Marital & Acquaintance Rape: Definition, History, & Laws

Instructor: Kenneth Poortvliet
Consent is always a defense to a charge of rape, but it is often difficult to prove. In this lesson, we will look at the history and the issues surrounding marital and acquaintance rape.

He Said, She Said

Let's say you go to your girlfriend or boyfriend's house and spend the night just like many nights before. A few days later, the police arrest you and charge you with rape. How do you prove it was consensual?

On the other hand, let's say your husband or wife wants to have sex, and you say no. He or she pushes you down and doesn't take no for an answer. You go to the police and say you've been raped, and when they find out that it was your spouse, they decline to charge him or her.

These are issues that come up when a person is accused of a sexual assault by someone they know, including their spouse.

What is Rape?

Rape involves three main elements:

  1. sexual penetration of a person,
  2. by force,
  3. without the consent of the person

In most modern rape statutes, all three of these must be present before someone is convicted of rape. Sexual penetration requires that either a man's penis or an object is used for penetration of the vagina or anus. This also applies when a woman is charged with the rape of a man, and the penetration requirement is met by the woman causing the penetration. If there is no penetration, then there still might be a lesser charge of sexual assault, but not rape.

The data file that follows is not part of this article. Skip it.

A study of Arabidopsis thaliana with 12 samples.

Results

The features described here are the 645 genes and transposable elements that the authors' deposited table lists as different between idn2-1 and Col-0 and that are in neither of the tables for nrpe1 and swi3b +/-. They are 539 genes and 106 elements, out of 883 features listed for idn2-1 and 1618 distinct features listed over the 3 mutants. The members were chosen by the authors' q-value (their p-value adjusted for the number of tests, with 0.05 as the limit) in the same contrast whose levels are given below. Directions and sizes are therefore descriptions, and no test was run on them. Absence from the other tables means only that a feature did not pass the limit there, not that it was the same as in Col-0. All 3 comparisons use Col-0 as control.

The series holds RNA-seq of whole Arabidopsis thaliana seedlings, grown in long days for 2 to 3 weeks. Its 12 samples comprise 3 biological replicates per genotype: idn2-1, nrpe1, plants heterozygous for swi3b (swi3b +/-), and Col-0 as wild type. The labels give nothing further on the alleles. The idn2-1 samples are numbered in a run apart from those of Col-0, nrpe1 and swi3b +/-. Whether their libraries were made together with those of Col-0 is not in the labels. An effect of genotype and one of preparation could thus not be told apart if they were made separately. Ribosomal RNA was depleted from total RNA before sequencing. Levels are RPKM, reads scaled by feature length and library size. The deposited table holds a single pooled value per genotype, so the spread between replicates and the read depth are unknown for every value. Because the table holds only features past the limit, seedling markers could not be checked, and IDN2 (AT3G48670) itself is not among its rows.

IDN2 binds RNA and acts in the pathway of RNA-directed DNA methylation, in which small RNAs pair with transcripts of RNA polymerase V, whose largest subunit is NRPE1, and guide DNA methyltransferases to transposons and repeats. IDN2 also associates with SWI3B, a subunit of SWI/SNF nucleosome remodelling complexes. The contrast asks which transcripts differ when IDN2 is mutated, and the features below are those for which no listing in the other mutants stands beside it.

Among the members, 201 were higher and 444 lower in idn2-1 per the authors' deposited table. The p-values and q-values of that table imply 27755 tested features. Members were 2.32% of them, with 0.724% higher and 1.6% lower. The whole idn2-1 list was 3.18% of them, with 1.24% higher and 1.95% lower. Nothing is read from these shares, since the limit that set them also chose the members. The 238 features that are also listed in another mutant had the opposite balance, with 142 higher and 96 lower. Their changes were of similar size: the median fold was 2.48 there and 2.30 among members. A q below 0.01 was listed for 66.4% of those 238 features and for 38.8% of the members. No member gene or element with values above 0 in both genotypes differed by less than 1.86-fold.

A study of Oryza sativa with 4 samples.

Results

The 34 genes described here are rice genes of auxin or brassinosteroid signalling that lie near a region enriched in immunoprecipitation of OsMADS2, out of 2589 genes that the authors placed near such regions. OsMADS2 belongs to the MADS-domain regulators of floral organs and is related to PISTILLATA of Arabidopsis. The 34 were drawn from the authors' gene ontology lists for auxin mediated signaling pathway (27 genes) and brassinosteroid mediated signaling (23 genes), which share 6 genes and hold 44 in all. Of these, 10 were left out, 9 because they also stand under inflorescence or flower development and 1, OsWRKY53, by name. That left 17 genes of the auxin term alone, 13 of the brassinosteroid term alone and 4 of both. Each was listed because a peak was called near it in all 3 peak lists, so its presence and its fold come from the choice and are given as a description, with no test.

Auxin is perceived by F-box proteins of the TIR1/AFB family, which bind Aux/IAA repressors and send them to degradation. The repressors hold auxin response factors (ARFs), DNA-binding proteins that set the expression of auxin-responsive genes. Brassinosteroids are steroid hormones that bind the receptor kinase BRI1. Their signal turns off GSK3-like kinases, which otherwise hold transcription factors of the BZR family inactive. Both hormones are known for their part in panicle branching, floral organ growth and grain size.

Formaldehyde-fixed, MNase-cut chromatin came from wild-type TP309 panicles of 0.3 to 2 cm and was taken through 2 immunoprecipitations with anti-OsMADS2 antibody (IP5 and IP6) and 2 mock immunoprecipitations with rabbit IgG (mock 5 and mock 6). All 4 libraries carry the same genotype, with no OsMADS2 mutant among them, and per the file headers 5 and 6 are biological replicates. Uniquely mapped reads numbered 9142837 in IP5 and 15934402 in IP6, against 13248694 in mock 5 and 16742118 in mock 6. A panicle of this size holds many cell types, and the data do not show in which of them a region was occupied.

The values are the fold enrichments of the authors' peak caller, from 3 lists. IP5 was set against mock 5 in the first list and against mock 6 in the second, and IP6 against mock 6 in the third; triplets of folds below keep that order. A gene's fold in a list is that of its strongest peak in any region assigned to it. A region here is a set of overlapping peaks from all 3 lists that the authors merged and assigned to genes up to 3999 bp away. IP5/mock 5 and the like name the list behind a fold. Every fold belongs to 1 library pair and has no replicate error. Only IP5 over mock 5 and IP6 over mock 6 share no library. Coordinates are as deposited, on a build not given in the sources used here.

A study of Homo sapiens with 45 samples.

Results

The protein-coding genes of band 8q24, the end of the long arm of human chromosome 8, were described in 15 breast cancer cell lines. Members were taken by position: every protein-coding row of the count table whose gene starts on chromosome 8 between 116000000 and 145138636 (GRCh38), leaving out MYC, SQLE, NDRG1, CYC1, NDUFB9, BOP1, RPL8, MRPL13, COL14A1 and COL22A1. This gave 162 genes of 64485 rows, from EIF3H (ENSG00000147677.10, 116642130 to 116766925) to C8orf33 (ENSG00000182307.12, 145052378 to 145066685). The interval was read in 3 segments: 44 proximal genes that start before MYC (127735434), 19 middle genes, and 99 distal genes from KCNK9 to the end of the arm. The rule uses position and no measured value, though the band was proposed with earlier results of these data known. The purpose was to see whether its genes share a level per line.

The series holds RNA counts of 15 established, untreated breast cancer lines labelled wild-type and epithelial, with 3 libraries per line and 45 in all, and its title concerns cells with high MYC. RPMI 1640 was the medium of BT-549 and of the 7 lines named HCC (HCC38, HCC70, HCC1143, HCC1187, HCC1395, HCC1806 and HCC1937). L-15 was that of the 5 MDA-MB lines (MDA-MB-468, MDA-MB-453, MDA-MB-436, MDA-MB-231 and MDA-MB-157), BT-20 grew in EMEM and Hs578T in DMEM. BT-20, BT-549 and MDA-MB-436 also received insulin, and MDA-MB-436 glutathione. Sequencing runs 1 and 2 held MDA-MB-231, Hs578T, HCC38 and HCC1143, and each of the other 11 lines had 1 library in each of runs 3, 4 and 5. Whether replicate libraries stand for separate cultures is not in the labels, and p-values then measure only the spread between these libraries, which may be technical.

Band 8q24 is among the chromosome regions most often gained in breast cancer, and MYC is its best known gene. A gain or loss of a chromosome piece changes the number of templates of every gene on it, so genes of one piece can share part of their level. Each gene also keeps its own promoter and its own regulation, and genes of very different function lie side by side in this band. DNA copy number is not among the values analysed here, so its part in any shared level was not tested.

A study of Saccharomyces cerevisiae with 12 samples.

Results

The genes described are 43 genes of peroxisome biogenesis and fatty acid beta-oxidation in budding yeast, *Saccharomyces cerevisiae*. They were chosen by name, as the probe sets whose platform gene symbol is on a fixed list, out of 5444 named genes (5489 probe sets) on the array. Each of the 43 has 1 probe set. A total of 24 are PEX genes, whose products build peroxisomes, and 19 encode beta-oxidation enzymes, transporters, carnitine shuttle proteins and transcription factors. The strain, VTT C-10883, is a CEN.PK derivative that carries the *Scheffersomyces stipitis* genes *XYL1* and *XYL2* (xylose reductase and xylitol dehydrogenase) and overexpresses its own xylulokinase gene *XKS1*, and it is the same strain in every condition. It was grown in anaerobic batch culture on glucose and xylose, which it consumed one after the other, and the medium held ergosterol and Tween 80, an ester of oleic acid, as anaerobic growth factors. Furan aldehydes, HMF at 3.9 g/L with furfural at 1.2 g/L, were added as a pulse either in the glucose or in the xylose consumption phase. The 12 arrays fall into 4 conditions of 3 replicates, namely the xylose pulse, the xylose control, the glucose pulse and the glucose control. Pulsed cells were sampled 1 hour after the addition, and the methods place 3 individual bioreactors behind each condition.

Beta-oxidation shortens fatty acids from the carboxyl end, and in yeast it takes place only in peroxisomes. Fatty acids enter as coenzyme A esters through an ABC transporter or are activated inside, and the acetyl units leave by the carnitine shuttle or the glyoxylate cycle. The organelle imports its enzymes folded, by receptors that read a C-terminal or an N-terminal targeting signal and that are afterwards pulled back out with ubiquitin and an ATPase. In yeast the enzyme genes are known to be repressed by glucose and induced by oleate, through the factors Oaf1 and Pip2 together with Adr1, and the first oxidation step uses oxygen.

Lack of consent is a key component to rape and is often the issue in contention at a trial. If consent is proven, then there is no rape. Consent is difficult to prove or disprove. Because of this, most rape laws require there to be some force used by the perpetrator. This ''force'' is not proven only by evidence that the defendant physically overwhelmed them by violence; it also includes the threat of violence or some other form of coercion.

History of Marital Rape

Historically, there was no charge for marital rape. Once a man and women were married, then any act of intercourse was consensual by law. However, if a man physically beat his wife, he could have faced charges of assault, but not rape. In some cases where the sexual assault went beyond intercourse, then the man might be charged with sodomy or deviant sexual assault.

It was likewise impossible for a man to claim his wife raped him, and even an unmarried man couldn't claim rape because rape statutes required that the victim be a woman.

In 1979, a Massachusetts man was the first known case where a man was charged with raping his wife. In this case, he was separated from his wife, and the two had filed for a divorce. He burst into her home and forcibly attacked her and had intercourse. The appeals judge upheld the charges of rape and burglary (he no longer lived there) but said that the case was more about violence and did not overturn the law that prevented a married woman from claiming rape.

A few years later, a court in Florida found a man guilty of raping his wife even though the two were married and living together. This was the first time a husband living with his wife was charged and convicted of raping his wife. Unfortunately, an appeals judge reversed the conviction citing the age-old defense.

However, by 1993, all states had changed their laws making it a crime to rape any person, including a wife. For many years to come, and some say even today, it is difficult for a spouse to be convicted of rape by the other spouse because of the issue of consent.

Acquaintance Rape

Also known as date rape, acquaintance rape occurs when the defendant and the victim know each other. Surveys show that over 70% of rape victims knew their attacker. Sometimes it gets murky because the two might have just met at a nightclub or were on their first date. However, what separates these from other forcible rapes is that the choice of the victim wasn't random.